US Congress all set to block troops withdrawal from Afghanistan

  • House and Senate members have agreed the mutual terms for the proposed act and will vote and approve the measure in before sending it to President Donald Trump’s desk
  • The proposed bill prevents the department from reducing troop levels below 4,000
Published December 6, 2020

(Karachi) US lawmakers are all set to introduce a bill that would delay the withdrawal of US troops until after President Donald Trump has left office, TOLOnews reported. The move will result in reversal of a decision taken by Trump administration to withdraw troops in the summer.

As part of the process, members in House and Senate have agreed the mutual terms for the proposed fiscal year 2021 National Defense Authorization Act, and will vote and approve the measure in before sending it to President Donald Trump’s desk.

In November, Acting Secretary of Defense Christopher Miller announced plans to slash US troop levels in Afghanistan from about 4,500 down to 2,500 by mid-January 2021. The proposed bill, however, prevents the department from reducing troop levels below 4,000 – or the total number left when the legislation is enacted – until the Pentagon, State Department, and the director of national intelligence detail how a drawdown affects threats to the United States, the counterterrorism mission against the Islamic State, and more.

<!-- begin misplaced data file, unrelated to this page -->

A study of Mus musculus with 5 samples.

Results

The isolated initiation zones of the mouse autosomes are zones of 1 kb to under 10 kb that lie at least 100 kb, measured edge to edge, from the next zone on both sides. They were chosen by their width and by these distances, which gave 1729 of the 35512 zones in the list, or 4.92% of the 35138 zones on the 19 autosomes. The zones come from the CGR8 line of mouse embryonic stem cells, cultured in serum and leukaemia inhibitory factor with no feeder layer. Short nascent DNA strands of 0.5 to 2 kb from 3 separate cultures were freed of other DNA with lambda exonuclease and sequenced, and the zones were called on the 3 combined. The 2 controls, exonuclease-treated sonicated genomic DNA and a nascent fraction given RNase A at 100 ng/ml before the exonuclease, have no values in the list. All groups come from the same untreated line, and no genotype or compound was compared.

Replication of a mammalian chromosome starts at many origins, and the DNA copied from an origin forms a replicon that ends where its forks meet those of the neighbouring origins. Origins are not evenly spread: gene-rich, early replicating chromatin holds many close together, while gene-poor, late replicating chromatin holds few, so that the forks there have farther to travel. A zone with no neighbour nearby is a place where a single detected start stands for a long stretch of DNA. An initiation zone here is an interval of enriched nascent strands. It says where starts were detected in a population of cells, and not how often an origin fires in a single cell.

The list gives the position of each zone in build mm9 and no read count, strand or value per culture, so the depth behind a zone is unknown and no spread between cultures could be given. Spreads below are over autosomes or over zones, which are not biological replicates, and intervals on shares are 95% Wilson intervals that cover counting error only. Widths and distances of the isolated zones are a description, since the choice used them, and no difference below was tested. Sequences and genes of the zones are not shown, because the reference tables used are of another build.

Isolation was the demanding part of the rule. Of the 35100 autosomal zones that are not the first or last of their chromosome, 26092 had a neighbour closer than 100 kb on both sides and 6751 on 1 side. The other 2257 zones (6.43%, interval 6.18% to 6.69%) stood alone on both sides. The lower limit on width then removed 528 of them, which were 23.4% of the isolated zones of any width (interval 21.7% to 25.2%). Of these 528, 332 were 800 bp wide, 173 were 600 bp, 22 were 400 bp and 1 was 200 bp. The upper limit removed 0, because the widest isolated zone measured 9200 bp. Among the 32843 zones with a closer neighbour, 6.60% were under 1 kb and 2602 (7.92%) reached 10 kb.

“The conferees note the South Asia strategy emphasizes the importance of a conditions-based United States presence in Afghanistan in support of ongoing diplomatic efforts to secure a peaceful, negotiated solution to the conflict,” the US lawmakers stated.

They said, “The conferees further note that any decision to reduce the armed forces of the United States in Afghanistan should be done in an orderly manner and in coordination with United States allies and partners and the government of Afghanistan.”

In August, Secretary of Defense Mark Esper announced that the planned reduction in troop presence would require a Congressional briefing, in order to ensure that the United States is not “threatened by terrorists coming out of Afghanistan”.

Under the historic peace agreement being struck with the Taliban, any sizeable troop reduction (under 4500) in Afghanistan must be contingent upon certain conditions, which include an indefinite ceasefire, a reduction in violence, and significant progress to reach a power-sharing agreement in the current government apparatus.